The Bosphorus separates the European and the Asian parts of Istanbul. In its most narrow part the Bosphorus or Boğaz in Turkish, is only 650 meters wide and its maximum separation is 4.5 km. The Bosphorus strait is 35 km long and connects the Marmara Sea in the south to the Black Sea in the north. It is spanned by three large bridges: the Bosphorus Bridge or Boğaziçi Köprüsü, which was opened in 1973 at the 50th anniversary of the Turkish Republic; the Fatih Sultan Mehmet Köprüsü (bridge of Sultan Mehmet the Conqueror), which became in use in 1988 and has a ten meter larger span, and finally the Yavuz Sultan Selim Köprüsü, which was opened to traffic in August 2016.
Leaving Istanbul's urban congestion, an all day boat trip along the Bosporus, passing small towns and summer mansions, is always appreciated. This mini-cruise is cheaply organized by public ferry leaving from the Eminönü-Kavaklar Boğaziçi Özel Gezi Seferleri (Eminonu-Kavaklar Bosphorus Special Touristic Excursions) at 10.35 (be sure to be on board at least half an hour before departure). An alternative is provided by Dentur Avrasya Bosphorus Tour that leaves at Kabataş Iskele. The boat stops at Beşiktaş (Europe), Kanlıca (Asia), Yeniköy (Europe), Sarıyer (Europe), Rumeli Kavağı (Europe), and finally after 1.5 hour arrives at Anadolu Kavağı (Asia) at the mouth of the Black Sea.
The journey passes first Karaköy, the district just across the Galata Bridge, then passes the Dolmabahçe Mosque and Palace, which were built between 1843 and 1856 on the order of Sultan Abdülmecid by the Armenian architect Garabet Balian and his son Nikoğos. The Dolmabahçe mosque was finished in 1853 and is built in Ottoman baroque-rococo style. The mosque is known for having the finest minarets of Istanbul. Next, the boat passes the Çırağan Palace with its 300 m marble facade facing the shore. The Çırağan palace was built in 1874 under the directive of Sultan Abdülaziz, destroyed by fire on January 19, 1910 and has been restored as a grand hotel (Çırağan-Kempinsky Hotel). At Ortaköy, the next stop, artists gather every Sunday to exhibit their works in a street side gallery. In Ortaköy, a church, a mosque, and a synagogue have existed side by side for centuries, a tribute to Turkish tolerance. The Ortaköy Mosque is superbly situated on a point extending into the Bosphorus. The mosque was built under the directive of Sultan Abdülmecid in 1854-55 by the Armenian architect Nikoğos Balyan, who designed it in Ottoman baroque-rococo style. The wide, high windows let the ever-changing light reflections of the Bosphorus shine in the mosque. The mosque is now overshadowed by one of the world’s largest suspension bridges, the Bosphorus Bridge, linking Europe and Asia. The Bosphorus bridge or Boğaziçi Köprüsü is a suspension bridge of about 1560 metres long, going between Ortaköy in Europe and Beylerbeyi in Asia. It was the first bridge built over the Bosphorus and the construction was finished in 1973. After the attempt of a military coup in July 2016, the bridge has been renamed as 15 July Martyrs Bridge (15 Temmuz Şehitler Köprüsü)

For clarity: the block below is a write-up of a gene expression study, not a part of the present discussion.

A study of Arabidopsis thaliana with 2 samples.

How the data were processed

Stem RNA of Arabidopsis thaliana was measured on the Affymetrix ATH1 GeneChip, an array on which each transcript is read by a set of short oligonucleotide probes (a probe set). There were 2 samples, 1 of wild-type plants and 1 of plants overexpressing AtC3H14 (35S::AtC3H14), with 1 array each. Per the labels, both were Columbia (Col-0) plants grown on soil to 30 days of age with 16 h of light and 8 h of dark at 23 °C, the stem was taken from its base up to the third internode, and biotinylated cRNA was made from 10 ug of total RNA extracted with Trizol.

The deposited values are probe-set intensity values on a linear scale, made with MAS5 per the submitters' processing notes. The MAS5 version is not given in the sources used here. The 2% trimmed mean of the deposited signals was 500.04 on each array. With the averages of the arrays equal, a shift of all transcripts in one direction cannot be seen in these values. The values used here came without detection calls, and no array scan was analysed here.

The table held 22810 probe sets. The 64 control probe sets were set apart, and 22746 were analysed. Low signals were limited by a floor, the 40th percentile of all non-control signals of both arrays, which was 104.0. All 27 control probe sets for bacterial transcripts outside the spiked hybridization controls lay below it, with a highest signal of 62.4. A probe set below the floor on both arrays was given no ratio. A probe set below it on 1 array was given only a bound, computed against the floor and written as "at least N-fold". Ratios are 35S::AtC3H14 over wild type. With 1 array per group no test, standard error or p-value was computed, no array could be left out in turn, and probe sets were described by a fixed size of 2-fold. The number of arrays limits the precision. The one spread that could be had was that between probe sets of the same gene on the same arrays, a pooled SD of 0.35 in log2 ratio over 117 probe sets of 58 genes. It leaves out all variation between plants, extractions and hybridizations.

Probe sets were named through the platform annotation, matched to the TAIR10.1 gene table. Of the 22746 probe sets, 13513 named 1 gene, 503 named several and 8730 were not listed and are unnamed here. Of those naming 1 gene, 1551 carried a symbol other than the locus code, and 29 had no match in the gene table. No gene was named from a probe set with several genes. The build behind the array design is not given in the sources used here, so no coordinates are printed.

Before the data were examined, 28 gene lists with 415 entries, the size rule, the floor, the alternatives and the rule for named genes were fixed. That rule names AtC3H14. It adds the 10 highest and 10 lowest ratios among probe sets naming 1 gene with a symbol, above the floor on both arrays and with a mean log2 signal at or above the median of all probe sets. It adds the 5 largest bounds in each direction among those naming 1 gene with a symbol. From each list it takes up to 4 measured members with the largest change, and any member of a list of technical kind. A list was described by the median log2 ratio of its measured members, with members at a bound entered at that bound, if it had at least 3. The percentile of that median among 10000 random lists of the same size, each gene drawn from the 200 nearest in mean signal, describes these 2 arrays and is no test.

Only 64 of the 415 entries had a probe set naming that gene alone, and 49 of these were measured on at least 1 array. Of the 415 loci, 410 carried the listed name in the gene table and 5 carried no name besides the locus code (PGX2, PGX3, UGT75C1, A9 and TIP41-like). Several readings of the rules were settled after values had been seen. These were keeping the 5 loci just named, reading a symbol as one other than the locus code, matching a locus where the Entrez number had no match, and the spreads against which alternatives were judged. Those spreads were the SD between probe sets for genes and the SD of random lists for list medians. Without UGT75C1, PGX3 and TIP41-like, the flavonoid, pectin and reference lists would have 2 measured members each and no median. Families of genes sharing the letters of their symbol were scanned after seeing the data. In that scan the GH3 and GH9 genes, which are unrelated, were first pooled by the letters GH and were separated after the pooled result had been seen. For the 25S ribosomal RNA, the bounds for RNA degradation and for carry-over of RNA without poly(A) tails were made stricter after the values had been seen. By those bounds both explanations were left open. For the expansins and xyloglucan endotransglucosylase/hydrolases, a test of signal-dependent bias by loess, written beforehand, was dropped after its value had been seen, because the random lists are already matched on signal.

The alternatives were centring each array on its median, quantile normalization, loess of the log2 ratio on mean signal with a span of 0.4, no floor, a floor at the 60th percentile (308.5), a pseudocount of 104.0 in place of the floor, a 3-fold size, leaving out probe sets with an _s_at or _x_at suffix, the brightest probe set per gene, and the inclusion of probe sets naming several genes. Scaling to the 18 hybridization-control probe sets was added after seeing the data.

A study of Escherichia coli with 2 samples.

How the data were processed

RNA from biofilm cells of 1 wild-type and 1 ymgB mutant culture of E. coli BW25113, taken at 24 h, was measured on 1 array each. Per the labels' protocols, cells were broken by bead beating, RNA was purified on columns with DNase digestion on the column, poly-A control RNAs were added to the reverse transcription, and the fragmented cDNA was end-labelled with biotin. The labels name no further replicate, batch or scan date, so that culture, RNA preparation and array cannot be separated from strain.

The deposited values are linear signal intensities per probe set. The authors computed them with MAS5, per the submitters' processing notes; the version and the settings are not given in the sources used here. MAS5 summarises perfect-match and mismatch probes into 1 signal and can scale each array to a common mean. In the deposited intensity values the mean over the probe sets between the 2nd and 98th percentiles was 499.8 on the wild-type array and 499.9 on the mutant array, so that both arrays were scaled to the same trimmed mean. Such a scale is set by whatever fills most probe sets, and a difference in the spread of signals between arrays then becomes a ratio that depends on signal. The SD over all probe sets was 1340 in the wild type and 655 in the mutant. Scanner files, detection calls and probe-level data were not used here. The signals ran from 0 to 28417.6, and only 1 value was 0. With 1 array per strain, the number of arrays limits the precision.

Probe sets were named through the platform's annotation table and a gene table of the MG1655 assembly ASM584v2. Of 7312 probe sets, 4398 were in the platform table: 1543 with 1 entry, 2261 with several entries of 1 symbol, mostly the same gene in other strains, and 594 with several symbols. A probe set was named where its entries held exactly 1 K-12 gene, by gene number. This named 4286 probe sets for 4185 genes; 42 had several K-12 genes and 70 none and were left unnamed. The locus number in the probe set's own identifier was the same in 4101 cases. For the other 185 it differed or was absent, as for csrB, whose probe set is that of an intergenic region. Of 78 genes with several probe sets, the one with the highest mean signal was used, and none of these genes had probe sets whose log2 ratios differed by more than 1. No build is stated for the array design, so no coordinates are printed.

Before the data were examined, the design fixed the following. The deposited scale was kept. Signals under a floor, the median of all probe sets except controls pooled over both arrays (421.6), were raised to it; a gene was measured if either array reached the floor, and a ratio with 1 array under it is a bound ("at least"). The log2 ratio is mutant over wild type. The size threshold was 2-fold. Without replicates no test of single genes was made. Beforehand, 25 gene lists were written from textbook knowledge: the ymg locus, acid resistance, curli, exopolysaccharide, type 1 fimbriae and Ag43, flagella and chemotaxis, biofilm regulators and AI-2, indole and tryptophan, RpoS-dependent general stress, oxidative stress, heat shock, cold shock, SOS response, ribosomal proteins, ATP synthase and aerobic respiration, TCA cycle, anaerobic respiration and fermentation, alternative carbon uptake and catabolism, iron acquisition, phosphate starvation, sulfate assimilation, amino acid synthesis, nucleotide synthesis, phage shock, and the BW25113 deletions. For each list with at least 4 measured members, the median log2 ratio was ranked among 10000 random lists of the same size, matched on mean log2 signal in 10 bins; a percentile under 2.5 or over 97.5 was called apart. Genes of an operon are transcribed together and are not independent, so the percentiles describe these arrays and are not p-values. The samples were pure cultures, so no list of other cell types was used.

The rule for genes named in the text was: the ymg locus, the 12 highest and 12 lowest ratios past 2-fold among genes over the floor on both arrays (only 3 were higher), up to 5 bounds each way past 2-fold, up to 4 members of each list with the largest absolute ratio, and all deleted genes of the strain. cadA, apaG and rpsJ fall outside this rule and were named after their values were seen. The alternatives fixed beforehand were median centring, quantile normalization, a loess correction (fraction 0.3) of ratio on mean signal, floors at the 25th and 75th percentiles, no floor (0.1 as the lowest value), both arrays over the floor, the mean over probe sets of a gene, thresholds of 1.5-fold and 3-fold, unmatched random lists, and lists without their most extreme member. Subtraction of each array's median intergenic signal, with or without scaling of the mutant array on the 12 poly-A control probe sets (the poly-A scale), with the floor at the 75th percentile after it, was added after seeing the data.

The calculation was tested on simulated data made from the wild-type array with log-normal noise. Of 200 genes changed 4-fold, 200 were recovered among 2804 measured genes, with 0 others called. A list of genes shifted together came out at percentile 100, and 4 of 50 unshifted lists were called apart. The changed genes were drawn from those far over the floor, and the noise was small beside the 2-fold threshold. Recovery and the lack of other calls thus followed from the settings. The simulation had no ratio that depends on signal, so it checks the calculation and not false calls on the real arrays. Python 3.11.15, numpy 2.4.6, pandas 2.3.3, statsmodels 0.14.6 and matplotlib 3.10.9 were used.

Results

From Ortaköy onwards, the boat passes the historic fortresses of Rumeli Hisarı and Anadolu Hisarı. The fortress of Rumeli Hisarı was constructed in just 4 months and 16 days by Sultan Mehmed II in 1452 in preparation for the siege of Constantinople the following year. The fortress is now overshadowed by the Fatih Sultan Mehmet Bridge (Bridge of Sultan Mehmed the Conqueror), completed in 1988 this is one of the world's longest suspension bridges (1090 m). The bridge spans the Bosphorus at the point where King Darius of Persia crossed the straits by a pontoon bridge in 512 BC. Opposite Rumeli Hisarı, on the Asian side of the Bosporus, is Anadolu Hısarı a fortress built in the late 1300s by Sultan Beyazid I. When both fortresses were completed, they effectively closed the straits for any help coming to Constantinople from the north.
After Rumeli Hisarı the shores become occupied with small fishing villages and summer residences for the wealthy. Most of these residences are beautifully carved wooden mansions called yalı and are priceless jewels that adorn the shores of the Bosphorus. Once, there used to be countless of these waterside residences, but fire, destruction and time itself took its toll. One of the most impressive of these mansions is certainly the Sait Halim Paşa Yalı at Yeniköy. This yalı was badly damaged by fire in 1995. The mansion was designed by architect Petraki Adamanti in the 19th century and took its name from Egyptian Khedive Mehmet Ali Paşa's grandson, Sait Halim Pasha.
At the village of Yeniköy magnificent yalıs line the shore. Yeniköy has developed in recent years and now offers a number of cute cafes and an array of restaurants (Italian, Chinese, Fish). Many foreigners also choose Yeniköy for their residence and the hills are loaded with villas and gated compounds. The building of the Austrian Consulate is one of the impressive structures in Yeniköy
Finally, after 1.5 hour we reach the Black Sea and the boat stops at Anadolu Kavağı, a small fishing village on the Asian shore. Here, there is plenty of time for a walk and a lunch with delicious hamsi (anchovis) and rakı. The boat returns to Eminönü İskele at 3 pm.